So you’ve scrimped and saved, and toiled your fingers to the bone, and gotten your own business up and running, but you’re not sure how you should set your business up. If you’re going it alone, your primary options are to choose between running your business as a Sole Proprietorship, or as a single member Limited Liability Company.
There are definite pro’s and con’s to both, and a lot of times it boils down to where you operate your business out of. For states with high filing fees for Limited Liability Companies, it may very well be better – especially in the short run – to run your business as a Sole Proprietorship. It’s arguably the simplest plan. Most of the time, all you need to do is open up a new bank account. Unless you’re hiring employees, you don’t even need to apply for an Employer Identification Number. However, you’re not as protected as with a Limited Liability Company. If anything goes wrong, your personal assets and finances may be at stake.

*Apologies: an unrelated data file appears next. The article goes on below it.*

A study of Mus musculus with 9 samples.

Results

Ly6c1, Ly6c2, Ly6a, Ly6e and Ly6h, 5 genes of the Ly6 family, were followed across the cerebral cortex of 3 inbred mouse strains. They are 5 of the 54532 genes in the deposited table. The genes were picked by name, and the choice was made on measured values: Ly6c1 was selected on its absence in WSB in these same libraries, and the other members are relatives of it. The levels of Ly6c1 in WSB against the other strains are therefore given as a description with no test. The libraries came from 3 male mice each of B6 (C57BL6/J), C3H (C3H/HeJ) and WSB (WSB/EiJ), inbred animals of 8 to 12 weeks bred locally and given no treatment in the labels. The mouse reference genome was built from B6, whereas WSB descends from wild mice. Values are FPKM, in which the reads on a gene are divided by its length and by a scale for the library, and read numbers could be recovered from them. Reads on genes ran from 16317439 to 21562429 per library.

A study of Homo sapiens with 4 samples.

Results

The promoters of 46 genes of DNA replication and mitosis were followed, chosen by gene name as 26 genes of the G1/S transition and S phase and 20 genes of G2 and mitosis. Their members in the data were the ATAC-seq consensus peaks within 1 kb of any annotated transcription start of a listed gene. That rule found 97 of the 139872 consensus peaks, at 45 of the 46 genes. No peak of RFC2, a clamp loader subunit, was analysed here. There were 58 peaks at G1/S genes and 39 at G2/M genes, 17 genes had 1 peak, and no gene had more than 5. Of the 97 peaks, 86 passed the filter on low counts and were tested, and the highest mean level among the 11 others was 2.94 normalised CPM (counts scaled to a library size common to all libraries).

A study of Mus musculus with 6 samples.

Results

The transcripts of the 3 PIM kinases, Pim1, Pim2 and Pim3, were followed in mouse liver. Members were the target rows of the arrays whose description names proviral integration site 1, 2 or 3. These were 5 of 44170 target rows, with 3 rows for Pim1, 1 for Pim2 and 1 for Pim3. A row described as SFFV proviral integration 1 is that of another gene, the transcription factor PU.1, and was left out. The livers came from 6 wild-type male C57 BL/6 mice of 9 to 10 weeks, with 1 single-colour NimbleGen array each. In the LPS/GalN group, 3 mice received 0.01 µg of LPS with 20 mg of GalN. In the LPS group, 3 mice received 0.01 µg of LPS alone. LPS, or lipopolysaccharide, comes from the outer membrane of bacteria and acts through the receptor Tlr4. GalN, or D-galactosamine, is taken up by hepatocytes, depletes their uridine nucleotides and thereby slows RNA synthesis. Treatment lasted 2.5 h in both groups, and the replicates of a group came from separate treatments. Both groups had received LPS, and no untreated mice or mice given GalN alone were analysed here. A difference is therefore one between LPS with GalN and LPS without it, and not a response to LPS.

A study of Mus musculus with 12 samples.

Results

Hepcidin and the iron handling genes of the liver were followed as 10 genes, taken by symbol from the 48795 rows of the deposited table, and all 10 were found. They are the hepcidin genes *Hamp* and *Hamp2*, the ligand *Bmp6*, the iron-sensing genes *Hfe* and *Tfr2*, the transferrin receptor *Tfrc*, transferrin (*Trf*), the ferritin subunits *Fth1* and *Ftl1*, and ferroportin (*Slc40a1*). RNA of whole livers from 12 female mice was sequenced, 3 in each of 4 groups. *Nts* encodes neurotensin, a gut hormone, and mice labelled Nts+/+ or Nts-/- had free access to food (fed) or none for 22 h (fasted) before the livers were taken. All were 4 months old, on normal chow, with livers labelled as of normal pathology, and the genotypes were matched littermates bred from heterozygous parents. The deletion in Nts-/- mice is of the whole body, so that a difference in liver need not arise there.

If you’re unable to pay rent for business space, or get a creditor its money back, you might find yourself emptying your own savings account to make up for the losses. Salt in the wound, especially after considering your business is likely going under.
With a Limited Liability Company, however, you are shielded from certain forms of liability in terms of being required to use personal funds to repay business costs. In the long run, especially if you have employees, you’ll probably be better off forming the LLC, but it’s worth a chat with an attorney first to see where your attention is best focused on.